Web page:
Famous for the strength of flavor, pu-erh tea is for the adventurous tea drinker. These teas have been made for centuries in Yunnan Province, China. Pu-erh tea is often pressed or molded into bricks or cakes, making them great for easy transportation, in the old days, by caravan. Its popularity spread when Mongol horsemen carried this tea across Asia under Kublai Khan during the thirteenth century. The name Pu-erh comes from Pu-erh city in southern Yunnan, where the tea would be collected from the surrounding regions before it was set out in caravans for export. Pu-erh is great to convert coffee drinkers into tea drinkers. Some pu-erhs can be as strong as espresso!
Pu-erh's difference in flavor comes from an additional step in processing. After picking the leaves, the tea maker either creates a green or a black tea. Once that is done, a special micro-fermentation agent is added. This remains a state secret that is as closely guarded today as it was under the Ming Dynasty -- back then the punishment for divulging tea secrets was death. The best way to describe this process is to compare it to what happens to milk when rennet is added to make it a cheese. Some green pu-erhs do have a slight yogurt taste to them. Once this fermentation has been accomplished the leaves are then packed or steamed and pressed into bricks, called tuocha (small, single-serving pellets), or cakes. Because of the additional processing step to the leaves, these teas are also the only ones that improve with age. Some prized pu-erh teas can be over 50 years old. There are stores in Taipei, Taiwan, that specialize in selling only pu-erh teas and the range -- in style, quality, and price -- is astounding. People will pay thousands of dollars for rare pu-erh teas that are 30 years old and up.
| Pu-erh Tuocha
|| Green Pu-erh Dragon Cake
|| Black Pu-erh Bingcha|
There are hundreds of styles of pu-erh. Notable are tuocha, small nuggets of compressed tea. This creates a strong, espresso-like tea with an earthy flavor. Green Pu-erh Dragon Cake has impressive designs embossed onto it from the press and the tea is just as good. Pu-erh bingcha, a small, Frisbee-sized disk, is perhaps the most common way for pu-erh teas to be processed and sold. It is a good idea to hold on to these as they will get better and better each year.
Collecting Pu-erhs and Storage
Although drinking aged Pu-erh has a long tradition of hundreds of years, collecting Pu-erh really took off in the 1980's, starting in Hong Kong and Taiwan. The price of aged Pu-erhs skyrocketed in the late 1990's, and there was a surge of "fake" pu-erhs out in the market, as demand grew. In the past couple of years this bubble has burst, and the market has settled down a bit.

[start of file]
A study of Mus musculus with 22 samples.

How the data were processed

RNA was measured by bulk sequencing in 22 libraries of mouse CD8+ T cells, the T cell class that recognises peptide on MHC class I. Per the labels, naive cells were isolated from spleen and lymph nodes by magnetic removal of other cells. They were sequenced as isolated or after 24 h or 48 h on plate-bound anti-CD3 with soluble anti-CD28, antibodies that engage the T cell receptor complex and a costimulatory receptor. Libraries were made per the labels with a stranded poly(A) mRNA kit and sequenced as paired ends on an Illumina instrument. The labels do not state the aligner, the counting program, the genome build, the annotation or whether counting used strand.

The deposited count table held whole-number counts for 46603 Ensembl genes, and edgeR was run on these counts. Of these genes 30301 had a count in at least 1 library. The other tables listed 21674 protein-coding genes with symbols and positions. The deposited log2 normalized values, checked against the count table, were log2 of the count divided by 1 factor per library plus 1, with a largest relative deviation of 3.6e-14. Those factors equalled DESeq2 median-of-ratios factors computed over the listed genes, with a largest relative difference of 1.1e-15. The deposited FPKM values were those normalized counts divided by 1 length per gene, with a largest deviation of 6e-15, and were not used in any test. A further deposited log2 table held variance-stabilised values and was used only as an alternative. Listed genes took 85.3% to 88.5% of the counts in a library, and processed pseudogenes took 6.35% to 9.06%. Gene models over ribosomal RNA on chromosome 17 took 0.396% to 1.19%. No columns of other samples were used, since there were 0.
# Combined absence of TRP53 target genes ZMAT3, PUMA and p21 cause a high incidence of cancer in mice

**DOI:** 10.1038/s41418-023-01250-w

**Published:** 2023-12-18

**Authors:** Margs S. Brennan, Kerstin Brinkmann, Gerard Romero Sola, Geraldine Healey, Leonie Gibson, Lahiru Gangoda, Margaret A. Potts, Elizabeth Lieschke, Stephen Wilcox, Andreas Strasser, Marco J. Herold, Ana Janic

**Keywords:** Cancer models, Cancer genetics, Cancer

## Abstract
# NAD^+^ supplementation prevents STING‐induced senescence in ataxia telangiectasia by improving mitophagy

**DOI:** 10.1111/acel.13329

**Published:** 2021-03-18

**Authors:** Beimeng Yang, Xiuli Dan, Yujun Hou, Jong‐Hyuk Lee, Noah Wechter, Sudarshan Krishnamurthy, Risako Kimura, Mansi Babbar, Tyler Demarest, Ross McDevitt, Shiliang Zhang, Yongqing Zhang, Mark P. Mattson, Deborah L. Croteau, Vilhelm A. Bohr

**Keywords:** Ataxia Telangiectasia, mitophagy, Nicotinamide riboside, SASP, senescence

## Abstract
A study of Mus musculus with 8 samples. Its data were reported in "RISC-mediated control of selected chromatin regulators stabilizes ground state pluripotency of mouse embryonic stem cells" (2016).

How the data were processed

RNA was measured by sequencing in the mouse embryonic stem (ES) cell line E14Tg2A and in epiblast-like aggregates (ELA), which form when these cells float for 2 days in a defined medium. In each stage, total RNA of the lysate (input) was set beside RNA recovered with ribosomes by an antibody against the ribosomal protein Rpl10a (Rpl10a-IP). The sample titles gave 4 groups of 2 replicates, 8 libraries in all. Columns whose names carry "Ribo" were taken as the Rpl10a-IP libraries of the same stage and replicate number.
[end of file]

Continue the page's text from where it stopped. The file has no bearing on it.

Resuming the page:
Many factors influence the final outcome of collecting and aging pu-erhs. Black, or "ripe" pu-erhs usually are ready to drink, but can also be aged. Green, or "raw" pu-erhs are ideal for collecting, as this type of tea still needs time to go through its final stage of fermentation. Its aging process will be more pronounced over time. This can take as little as ten years, but depending on the quality of the green pu-erh, sometimes up to twenty or thirty years!
Pu-erhs are best kept in a semi-dry environment that have variable temperatures. Excessive moisture can cause the tea to get moldy. Always store your black/ripe pu-erh separately from the green/raw puerh (like on different shelves), and keep pu-erhs wrapped in paper - not airtight bags. Pu-erhs should be allowed to breathe, so that they can continue to change.
Pu-erh teas also have a lot of medical lore
surrounding them. In China they are considered beneficial for lowering
cholesterol, fighting hangovers, and aiding digestion. Rich in vitamin
and minerals, it also is known to reduce stress and lowering high blood
pressure. Most Chinese will drink a pu-erh tea just after eating any
food that is heavy or greasy.
How to brew pu-erh tea:
When the bricks are extremely tightly pressed it is best to use a strong knife to carefully pry out some leaves. The technique that works best is to insert the knife into the edge of the brick and then gently work it up and down until the tea loosens and falls off. Watch video of breaking open a beencha here...
Add about 3-4 grams per serving of tea (the amount depends upon type of pu-erh) to your teapot.
Add hot boiling water at a full rolling boil -- it's the only tea that should be made with boiling water.
If the tea looks dusty, you may wish to wash the leaves with a brief 10-15-second infusion. Then pour off the liquid.
Steep for 2-3 minutes. Once the tea seems ready to you, give it a stir and then pour and taste. If necessary, adjust the steeping time for a stronger taste. The Tibetans are famous for brewing their pu-erh teas overnight to make their famous Soo Jah (Yak Butter and Salt Tea).